Webber considering long-term future outside football after abuse

Left: in the dugout at Carrow Road. Right: in front of a wall showing the homegrown players who have made first-team appearances for Norwich.

Left: in the dugout at Carrow Road. Right: in front of a wall showing the homegrown players who have made first-team appearances for Norwich.

NORWICH CITY Sporting Director Stuart Webber admits his long-term future may not lie in football after revealing the abuse he has experienced from some sections of the club’s fanbase in the last year.

Webber was appointed as Norwich’s first Sporting Director in April 2017 and has led them to two promotions to the Premier League, as well as overseeing the transformation of the club’s Colney training ground.

However, in the last year he has come in for criticism from some sections of both the local media and fanbase after the Canaries were relegated back to the Championship. They currently sit in seventh place, one off the play-offs places.

The 38-year-old has been specifically criticised for taking on a series of mountain challenges that will culminate in a climb up Everest later this year. Last April the Eastern Daily Press ran a front page questioning the Welshman’s commitment to the club.

Speaking on the Training Ground Guru Podcast, the 38-year-old was asked about his personal ambitions for the future.

He said: “If you had asked me that five years ago, I would probably have had a real clear, ‘I want to work in Spain or Germany or do this or that.’ There’s still part of me that wants to work abroad, but I have definitely gone more away from being obsessed with being in football all my life.

“I think my future might be away from that. I love Formula One. Is there an avenue I could work in there? Is it in business? Because, if anything the last year has probably taught me is do I want to be getting abused in the street when I’m 60?

“I’m not sure I want to be doing that. This game, I love it, but there’s a flip side of it, which I think is getting worse and worse now, of what people deem as acceptable to say to you.

“The worst thing is if you’re with your son and your wife, or one of them. It’s like there’s a grown man there calling me the c-word in front of a six-year-old. I don’t think that’s ok. But if you get in a confrontation you’re probably being filmed by his mate, so you can’t win. You just have to walk along.

“That’s disappointing if that’s what society has come to now. I don’t think anybody should have to go to work and put up with that. Don’t get me wrong, if I was going to a pub every Saturday night in the middle of the city, you’re almost asking for it.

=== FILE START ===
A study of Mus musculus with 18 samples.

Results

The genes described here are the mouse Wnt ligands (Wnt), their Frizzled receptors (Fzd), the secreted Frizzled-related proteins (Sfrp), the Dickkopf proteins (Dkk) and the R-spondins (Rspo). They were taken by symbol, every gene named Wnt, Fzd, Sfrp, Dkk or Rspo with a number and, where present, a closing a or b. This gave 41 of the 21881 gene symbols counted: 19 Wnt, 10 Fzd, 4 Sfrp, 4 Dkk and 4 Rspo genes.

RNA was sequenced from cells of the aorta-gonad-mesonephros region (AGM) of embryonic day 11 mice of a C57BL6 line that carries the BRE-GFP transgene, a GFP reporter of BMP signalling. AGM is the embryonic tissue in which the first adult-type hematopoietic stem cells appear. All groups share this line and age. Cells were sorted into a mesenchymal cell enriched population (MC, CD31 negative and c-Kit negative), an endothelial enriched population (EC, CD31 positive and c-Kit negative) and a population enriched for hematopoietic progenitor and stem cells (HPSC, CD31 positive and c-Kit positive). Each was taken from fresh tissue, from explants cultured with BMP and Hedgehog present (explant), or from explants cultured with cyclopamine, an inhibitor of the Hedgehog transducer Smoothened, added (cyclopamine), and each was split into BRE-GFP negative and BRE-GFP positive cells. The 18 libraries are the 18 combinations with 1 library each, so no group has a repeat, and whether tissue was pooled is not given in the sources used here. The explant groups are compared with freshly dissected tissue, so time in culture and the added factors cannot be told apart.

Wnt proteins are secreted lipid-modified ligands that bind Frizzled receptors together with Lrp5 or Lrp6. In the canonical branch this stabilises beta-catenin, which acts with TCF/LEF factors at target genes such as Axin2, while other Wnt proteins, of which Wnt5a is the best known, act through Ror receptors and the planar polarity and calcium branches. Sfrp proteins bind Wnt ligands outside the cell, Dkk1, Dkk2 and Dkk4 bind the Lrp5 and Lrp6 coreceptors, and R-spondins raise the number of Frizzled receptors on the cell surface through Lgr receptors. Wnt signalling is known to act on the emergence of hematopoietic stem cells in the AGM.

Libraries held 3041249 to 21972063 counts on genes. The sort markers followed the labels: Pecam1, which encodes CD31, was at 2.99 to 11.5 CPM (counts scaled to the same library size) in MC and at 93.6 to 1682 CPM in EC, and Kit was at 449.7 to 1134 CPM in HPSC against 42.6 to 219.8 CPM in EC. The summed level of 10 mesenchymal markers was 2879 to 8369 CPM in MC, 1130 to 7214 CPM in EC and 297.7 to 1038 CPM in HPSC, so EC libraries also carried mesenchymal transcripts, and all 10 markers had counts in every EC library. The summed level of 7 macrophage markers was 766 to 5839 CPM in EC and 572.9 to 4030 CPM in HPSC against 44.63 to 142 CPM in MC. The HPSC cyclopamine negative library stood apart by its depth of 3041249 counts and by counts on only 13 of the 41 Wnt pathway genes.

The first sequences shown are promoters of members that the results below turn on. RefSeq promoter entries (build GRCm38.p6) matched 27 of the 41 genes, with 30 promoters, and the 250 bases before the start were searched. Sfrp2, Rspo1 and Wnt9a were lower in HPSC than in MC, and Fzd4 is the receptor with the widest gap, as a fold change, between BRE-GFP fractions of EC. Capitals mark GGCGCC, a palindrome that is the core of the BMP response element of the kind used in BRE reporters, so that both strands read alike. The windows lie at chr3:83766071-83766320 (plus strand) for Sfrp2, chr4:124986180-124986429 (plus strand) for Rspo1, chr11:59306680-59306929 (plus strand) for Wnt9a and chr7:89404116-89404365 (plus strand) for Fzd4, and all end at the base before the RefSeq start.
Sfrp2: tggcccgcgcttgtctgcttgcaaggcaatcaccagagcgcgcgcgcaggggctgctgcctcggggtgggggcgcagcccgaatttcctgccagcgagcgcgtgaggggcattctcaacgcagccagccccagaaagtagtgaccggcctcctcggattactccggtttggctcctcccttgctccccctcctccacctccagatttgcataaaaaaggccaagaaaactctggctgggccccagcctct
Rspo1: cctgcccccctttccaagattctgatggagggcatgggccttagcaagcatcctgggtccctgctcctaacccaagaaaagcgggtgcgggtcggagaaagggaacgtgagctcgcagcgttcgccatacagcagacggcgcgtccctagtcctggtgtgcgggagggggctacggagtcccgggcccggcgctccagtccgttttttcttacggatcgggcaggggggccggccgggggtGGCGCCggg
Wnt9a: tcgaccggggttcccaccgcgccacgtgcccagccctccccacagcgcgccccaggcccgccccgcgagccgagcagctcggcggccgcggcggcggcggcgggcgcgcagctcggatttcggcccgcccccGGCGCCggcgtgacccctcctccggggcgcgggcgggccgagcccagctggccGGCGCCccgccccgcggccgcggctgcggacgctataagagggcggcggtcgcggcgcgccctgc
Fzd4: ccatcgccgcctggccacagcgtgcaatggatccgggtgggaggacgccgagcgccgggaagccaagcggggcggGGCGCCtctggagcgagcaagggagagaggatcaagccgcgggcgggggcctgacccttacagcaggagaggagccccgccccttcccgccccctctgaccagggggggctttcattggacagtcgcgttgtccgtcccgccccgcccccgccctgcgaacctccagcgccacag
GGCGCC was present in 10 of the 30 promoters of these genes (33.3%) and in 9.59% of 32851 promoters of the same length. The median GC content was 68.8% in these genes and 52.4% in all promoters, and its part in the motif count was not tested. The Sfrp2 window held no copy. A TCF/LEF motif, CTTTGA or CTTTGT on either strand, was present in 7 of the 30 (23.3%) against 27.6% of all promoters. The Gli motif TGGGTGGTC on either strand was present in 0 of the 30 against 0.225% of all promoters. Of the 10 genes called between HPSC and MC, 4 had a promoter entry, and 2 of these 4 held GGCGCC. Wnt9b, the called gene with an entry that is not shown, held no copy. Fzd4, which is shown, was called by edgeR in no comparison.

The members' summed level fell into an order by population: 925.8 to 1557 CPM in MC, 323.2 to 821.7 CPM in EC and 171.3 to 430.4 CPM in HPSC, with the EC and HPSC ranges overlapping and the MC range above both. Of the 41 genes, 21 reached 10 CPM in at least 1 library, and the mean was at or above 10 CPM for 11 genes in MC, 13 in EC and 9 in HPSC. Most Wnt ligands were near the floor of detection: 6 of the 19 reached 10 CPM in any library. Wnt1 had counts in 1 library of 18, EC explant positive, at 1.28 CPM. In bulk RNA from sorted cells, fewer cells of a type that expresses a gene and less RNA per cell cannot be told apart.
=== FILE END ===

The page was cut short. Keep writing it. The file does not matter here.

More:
“It still isn’t right, but you’re in an environment where everyone is drunk, probably coked up, you’re going to get a bit of that. I don’t, I have a very very quiet life. It’s in and around the stadium, stuff like that.

“I don’t like it, I don’t think it’s right, but it also helps teach you, ‘I’m not sure I want to do that forever, I think there’s got to be something else.’ Because what I won’t let it do is kill my love and enthusiasm for the game.

“Because one thing I definitely know I want to do when I’m 60 is to be watching football, with my son, with my family, with my friends, and loving the game. The day I ever stop doing that would definitely be the day I leave, because I’m not letting my little kid of how I have always see football being tarnished by anyone to be honest.”

Webber has not spoken to the Eastern Daily Press since the front page about him last April.

He said: “The local paper didn’t help when they did some headline, ‘Do you want this job’ or something and it was like, excuse me? For five years I had given the local paper all of my time. Any time they rang, messaged - on the record, off the record - I was there to answer, through difficult periods, through good periods.

“I didn’t think I deserved a headline like that to be honest. That has ended in the breakdown between me and them, which I think is very different from between the club and them.”

Webber also said he stood by his decision to take on the mountain challenges, with money raised going to help young people in the Norfolk area to achieve their potential, via The Summit Foundation he has set up with his wife Zoe, Norwich’s Executive Director.

“People try and have a dig now - ‘you’re more interested in climbing mountains mate,’” Webber said. “I might go and climb a mountain in June instead of going on holiday with my family. My family are probably the ones who should have the bigger issue with that, not the club.

“I’m not doing anything which hasn’t had the blessing of the owners. I’ve never been away at business-critical times. I also think with the level of staff we’ve got here, its an insult to them if I can’t be away for a week climbing Mont Blanc, where I still have phone signal every day. You don’t get up at 5am and climb until five at night, it’s often short windows.

“And I’m not embarrassed to say I want to have a hobby. When you’ve given six years (of) everything to the club, missing holidays, missing son’s birthdays, mother’s important birthdays, I’m not embarrassed to admit I’m going to take the odd week off to go climbing, to achieve a dream I’ve had since I was a little child, with the club’s blessing.”